Can A Republican Be Green?

30 Sep 2008 Can A Republican Be Green?

Not only can Republicans be green, it turns out a lot of them are. Check out Republicans for Environmental Protection, an organization with this mission statement —

Republicans for Environmental Protection was founded in 1995
to resurrect the GOP’s great conservation tradition
and to restore natural resource conservation and sound environmental protection
as fundamental elements of the Republican Party’s vision for America

Image via Wikipedia

Stereotyping Gets in the Way of Green Action
One positive message coming from both sides in this year’s presidential campaign is the need for change. Our Federal government isn’t getting things done because of partisan politics, with each party characterizing the other by its most extreme elements — in other words, stereotyping. This kind of communication leads people to dig in their heels, become combative, stop listening, and stop communicating. Political discourse has devolved into special interest advocates reciting a familiar litany of charges against the opposition. Not an atmosphere where things get done.

Why Is Washington Stuck in the Mud?
We can blame our political leaders for the quagmire, but who are our leaders except a reflection of us? We, the electorate, are the ones who have become entrenched and inflamed. If politicians reflect our mood, it may because they’ve figured out it gets them elected.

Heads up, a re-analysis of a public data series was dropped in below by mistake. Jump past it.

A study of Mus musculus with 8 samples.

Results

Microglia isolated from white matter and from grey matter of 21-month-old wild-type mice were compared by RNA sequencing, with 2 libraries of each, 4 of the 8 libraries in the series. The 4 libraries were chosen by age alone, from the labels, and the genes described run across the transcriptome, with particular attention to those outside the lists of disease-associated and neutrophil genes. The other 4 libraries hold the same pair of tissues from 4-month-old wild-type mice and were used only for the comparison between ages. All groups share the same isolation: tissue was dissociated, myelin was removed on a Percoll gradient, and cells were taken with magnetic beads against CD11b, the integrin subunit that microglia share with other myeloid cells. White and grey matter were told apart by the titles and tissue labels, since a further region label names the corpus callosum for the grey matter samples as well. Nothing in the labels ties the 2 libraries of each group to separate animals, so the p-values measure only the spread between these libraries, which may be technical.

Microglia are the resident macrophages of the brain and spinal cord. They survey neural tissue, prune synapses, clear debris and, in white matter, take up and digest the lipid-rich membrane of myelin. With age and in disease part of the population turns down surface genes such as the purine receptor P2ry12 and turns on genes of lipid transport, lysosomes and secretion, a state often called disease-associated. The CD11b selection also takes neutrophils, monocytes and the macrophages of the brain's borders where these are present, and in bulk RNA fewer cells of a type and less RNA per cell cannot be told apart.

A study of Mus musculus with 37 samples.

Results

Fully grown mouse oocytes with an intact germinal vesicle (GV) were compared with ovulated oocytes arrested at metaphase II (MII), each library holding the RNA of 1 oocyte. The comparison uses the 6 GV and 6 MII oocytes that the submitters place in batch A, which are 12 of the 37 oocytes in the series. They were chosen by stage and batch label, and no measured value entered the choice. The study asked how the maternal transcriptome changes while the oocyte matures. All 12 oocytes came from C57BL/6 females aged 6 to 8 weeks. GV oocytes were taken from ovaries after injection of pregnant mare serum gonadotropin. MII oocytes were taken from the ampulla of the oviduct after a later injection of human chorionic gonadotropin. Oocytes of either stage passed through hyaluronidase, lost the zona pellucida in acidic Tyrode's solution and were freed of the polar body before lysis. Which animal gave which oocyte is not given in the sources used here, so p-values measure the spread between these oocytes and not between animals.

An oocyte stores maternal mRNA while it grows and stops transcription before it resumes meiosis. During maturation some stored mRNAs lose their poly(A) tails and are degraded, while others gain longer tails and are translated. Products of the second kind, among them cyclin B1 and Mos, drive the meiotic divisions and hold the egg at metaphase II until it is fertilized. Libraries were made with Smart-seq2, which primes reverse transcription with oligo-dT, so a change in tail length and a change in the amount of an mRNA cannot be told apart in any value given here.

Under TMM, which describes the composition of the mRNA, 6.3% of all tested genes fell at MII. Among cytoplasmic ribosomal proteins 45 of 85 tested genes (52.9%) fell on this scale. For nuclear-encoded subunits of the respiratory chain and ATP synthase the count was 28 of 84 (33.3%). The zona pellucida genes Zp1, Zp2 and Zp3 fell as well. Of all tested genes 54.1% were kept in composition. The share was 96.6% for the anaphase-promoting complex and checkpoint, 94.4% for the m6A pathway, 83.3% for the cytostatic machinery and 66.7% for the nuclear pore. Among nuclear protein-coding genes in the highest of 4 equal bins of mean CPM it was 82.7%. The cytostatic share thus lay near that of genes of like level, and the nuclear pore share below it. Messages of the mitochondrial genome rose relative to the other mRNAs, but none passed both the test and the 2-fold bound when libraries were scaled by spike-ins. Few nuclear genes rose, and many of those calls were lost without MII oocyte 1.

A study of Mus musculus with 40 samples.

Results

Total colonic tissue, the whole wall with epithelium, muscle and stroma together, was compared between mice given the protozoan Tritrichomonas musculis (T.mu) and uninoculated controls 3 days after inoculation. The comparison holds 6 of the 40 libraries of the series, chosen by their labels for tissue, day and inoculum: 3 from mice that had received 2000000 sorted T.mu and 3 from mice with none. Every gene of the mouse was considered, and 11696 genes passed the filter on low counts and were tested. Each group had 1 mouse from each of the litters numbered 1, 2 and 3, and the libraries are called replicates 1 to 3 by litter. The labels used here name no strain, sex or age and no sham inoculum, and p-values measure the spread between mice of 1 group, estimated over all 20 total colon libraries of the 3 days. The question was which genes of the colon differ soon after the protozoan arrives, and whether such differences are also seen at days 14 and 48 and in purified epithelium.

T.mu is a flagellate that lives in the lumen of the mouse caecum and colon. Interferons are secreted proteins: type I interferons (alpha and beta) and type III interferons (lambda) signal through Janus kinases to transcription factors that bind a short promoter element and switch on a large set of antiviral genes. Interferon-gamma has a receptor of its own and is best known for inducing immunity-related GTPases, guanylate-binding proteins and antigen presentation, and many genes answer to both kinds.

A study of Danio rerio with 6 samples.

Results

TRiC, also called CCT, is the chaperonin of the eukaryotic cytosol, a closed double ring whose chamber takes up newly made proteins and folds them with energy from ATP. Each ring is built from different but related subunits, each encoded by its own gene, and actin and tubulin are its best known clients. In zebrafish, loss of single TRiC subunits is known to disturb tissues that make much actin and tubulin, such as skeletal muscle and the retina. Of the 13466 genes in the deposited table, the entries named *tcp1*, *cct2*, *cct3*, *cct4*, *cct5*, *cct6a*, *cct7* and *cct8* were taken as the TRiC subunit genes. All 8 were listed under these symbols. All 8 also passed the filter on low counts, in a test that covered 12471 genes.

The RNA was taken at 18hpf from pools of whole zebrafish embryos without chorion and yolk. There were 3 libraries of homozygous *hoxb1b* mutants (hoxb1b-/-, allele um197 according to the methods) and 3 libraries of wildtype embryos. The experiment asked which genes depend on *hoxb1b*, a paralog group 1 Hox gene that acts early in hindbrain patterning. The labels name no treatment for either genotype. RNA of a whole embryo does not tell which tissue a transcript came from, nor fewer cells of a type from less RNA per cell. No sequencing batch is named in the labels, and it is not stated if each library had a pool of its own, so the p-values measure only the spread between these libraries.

The environmental movement will get nowhere by drawing lines in the sand, by framing issues as an us-versus-them battle. If we’ve learned anything the last ten years or so, it’s that this kind of approach leads to nothing but ill will and gridlock.

The fact is, just about everyone favors a safe and healthy environment. Our reasons for favoring it may differ, and our approaches to environmental problems obviously do differ, but if we keep in mind we agree on the goal, it becomes a whole lot easier to talk about where we disagree and make true progress.

Don’t Look Now, but Change Is Already Here
Some might take comfort in their familiar stereotypes. But I think we can take more comfort in reality. Republicans can be green. T. Boone Pickens, whose name is synonymous with big oil, has become the nation’s biggest advocate of wind power. Big, nasty old corporations are reinvigorating the U.S. manufacturing sector through technological innovation, a good deal of it aimed at developing more fuel efficient engines and renewable energy sources.

The world’s not perfect by any means. But change is already here. Environmental awareness is spreading at the grassroots level. Whatever their political stripe, folks who never gave a thought to the environment are now supercharged to do something about it.

Business, being more efficient than government, has already picked up on the signals and is beginning to reorient operations, product development, and overall strategy in response to public demand. Take heart! We’re ahead of our leaders. We don’t need a particular person in the White House to create change. We’ve already created it.